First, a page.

Of all the wonderful things about summer in Central Oregon, one of my favorites is ducking out of my office, changing into some shorts and taking in a little disc golf on the Central Oregon Community College campus.
There are nine holes on the course, and, if you work nearby, you can buzz through them just quickly enough to cram a round into your lunch break and still be back to the grind in about an hour.
OK, 75 minutes.
(OK, 90 minutes. Don’t tell my editor.)
Last summer was my introduction to disc golf, which is played just like ball golf, except you throw Frisbee-like discs at metal baskets. And I was just starting to really dig it (and get to where I could make that darn disc fly straight) when summer left town, taking with it my new-found hobby for several months.
Or so I thought.
I don’t know why I thought winter was a no-disc zone. Maybe it was the heavy snows. Maybe it was the fact that bundling for warmth restricts the range of motion needed for one of those pretty, soaring drives.
Or maybe I’m just a wimp.
With the snow melting quickly and yet another storm on the way, my wife and I took Saturday’s window of decent-weather opportunity to head for Hyzer Pines Disc Golf Course, a flat, wooded 18-hole course on eight acres near Sisters High School.
We were unsure of how much snow would be on the ground, so we laced up our best snow boots just in case. In fact, the course has only patches of snow here and there, like white islands in a sea of Ponderosa pine cones and needles. (The boots came in handy, though, while climbing the snow berms at the edge of the adjacent parking lot.)
Hyzer Pines, which opened in 2007, is free to play, and it’s on school property, so no alcohol or cigarettes are allowed. Fortunately, gloves are. Hard core disc-golfers may scoff at the idea of wearing something on your throwing hand, but I’m glad I did. At the first tee box — a rubber pad about 3-by-5 feet — I was pretty chilly. But by the time I let my driver fly, and then watched it sail toward the hole, and then watched it hook way off to the left and land in some sagebrushy tangle not so close to the hole, I could feel my blood pumping again.
Each of the 18 holes at Hyzer is par 3, with multiple basket-placement options for variety’s sake. And with holes ranging in length from 200 to 400 feet, if you walk all 18, you’ll get at least a mile-long walk in the woods, with stops along the way to pick up your disc. (The worse you are, the more often you’ll stop. We stopped a lot.)
The course winds toward state Highway 242, then back into the woods west of the high school’s sports fields. There’s a water hazard back there, surrounded by a fence that’ll eat your disc, unless you do as I did and aim way to the right.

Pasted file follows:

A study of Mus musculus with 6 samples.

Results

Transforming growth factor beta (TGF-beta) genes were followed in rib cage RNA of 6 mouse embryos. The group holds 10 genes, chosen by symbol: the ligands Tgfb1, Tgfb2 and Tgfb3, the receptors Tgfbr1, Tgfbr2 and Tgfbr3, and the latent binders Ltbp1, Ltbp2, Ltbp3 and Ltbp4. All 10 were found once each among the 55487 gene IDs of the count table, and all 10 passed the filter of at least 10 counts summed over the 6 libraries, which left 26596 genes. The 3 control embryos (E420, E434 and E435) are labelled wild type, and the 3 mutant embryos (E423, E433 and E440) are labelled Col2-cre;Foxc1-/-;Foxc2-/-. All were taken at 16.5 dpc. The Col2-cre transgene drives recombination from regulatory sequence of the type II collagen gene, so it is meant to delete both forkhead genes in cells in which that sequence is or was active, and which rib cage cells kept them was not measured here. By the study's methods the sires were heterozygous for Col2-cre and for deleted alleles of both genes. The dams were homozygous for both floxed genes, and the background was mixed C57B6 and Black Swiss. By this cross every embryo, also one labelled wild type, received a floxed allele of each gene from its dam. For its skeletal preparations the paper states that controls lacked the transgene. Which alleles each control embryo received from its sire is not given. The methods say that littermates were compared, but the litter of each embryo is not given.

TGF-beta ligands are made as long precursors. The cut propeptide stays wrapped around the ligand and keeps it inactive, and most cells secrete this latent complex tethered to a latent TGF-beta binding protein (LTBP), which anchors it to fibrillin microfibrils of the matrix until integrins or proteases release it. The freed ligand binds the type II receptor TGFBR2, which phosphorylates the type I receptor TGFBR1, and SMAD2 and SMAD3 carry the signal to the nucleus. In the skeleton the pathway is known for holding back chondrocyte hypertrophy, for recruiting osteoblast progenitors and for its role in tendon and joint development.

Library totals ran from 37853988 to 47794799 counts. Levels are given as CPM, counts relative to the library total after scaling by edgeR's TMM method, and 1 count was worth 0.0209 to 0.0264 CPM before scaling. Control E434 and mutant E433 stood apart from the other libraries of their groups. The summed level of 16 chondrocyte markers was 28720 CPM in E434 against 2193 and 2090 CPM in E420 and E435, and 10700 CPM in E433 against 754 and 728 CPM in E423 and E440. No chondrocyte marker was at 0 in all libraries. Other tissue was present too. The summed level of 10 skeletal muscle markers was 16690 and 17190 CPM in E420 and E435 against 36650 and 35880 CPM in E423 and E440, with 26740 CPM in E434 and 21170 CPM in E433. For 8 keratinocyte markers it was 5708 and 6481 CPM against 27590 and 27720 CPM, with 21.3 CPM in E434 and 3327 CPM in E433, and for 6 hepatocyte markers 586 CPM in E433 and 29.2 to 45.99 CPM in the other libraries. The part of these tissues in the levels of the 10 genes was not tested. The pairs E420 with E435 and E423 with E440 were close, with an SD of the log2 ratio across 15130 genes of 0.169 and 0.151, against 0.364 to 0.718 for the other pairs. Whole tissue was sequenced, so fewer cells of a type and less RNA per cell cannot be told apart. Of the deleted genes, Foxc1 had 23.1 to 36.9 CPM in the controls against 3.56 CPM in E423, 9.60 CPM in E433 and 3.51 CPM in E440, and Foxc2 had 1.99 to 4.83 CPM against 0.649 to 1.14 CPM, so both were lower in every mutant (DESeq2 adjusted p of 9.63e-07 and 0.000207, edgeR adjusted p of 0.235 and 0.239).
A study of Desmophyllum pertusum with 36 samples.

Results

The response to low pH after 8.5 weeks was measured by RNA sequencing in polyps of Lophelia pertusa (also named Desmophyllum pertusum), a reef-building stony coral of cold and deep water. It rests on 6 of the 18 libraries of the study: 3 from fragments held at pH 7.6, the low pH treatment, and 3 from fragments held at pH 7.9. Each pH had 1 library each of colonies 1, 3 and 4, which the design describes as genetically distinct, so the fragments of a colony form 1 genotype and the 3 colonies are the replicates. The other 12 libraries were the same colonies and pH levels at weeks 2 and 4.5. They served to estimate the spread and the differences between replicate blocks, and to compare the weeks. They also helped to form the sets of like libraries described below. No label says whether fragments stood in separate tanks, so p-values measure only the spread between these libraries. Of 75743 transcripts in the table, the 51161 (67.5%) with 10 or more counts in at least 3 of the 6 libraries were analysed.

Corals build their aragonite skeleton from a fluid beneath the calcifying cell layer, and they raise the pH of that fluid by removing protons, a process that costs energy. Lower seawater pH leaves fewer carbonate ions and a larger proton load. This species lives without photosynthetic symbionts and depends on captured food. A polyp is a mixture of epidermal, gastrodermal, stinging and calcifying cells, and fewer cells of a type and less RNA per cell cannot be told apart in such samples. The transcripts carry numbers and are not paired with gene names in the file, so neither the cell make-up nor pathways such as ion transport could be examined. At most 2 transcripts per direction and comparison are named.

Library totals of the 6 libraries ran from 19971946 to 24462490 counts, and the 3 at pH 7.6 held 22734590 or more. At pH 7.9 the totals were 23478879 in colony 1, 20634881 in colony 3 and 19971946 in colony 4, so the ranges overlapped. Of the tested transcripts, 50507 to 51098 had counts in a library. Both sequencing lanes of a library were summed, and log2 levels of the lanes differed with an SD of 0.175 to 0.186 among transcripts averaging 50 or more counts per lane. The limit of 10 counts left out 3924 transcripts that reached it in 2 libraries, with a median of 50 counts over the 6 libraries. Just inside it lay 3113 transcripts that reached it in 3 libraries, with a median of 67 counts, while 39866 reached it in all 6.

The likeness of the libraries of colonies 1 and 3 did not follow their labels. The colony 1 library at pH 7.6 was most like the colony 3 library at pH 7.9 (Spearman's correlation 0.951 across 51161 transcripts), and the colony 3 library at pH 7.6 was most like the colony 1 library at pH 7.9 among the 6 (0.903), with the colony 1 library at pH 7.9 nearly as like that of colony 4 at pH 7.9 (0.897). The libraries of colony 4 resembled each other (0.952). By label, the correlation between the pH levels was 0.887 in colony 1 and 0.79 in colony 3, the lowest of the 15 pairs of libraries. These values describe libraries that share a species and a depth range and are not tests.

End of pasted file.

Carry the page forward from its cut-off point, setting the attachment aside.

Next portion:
In all, it took us a couple of hours to play, though we weren’t keeping score, and we might’ve shut it down prematurely. Dark comes early in the winter, you know.
After all the winding up and throwing, and the walking, and the bending over, and the winding up and throwing again, my wife and I were plenty warm as we walked back to our car, and feeling pretty hardy, to tell you the truth.
That was before I talked to Ryan Lane of the local Hyzer Desert Rebels disc golf club.
“We take a little break for the holidays, but other than that, we have a winter league that’s out there every week all winter,” said Lane, 29, of Bend.
Even a few weeks ago, when the snow was deep and getting deeper?
“Oh yeah,” he said. “We’re out there trudging around in the snow. Some weeks, we’re out there in 6 to 8 inches walking around looking for our discs.”
Turns out, the Rebels’ winter league draws 40ish players each Sunday from October until the local ski hills open, when attendance drops by a dozen or so, Lane said. After 19 weeks of league play, qualifiers move on to the finals, which are held in March.
This is the fifth year of the winter league, Lane said. The club has lots of information at its Web site, www.centraloregon discgolf.com.
And these guys and gals play in any condition, no matter what, for a very simple reason.
“I think that everyone’s just hooked on the sport,” Lane said. “It’s a good excuse to get outside and get some exercise, when a lot of the guys might be at home laying on the couch watching football.”
Winter disc golf isn’t that much different from summer disc golf, Lane said, except that it’s a lot more slippery. “In the winter, you really don’t have your legs under you,” he said.
As with any winter activity, you should bundle up and drink a lot of water, he said. And you shouldn’t play with your best discs, because the cold can cause them to crack, Lane said.
And then there’s the most important rule of all for winter disc-golfers, especially when there’s snow on the ground.
“Don’t throw white discs,” Lane said. “Keep a really good eye on your disc, and don’t throw white.”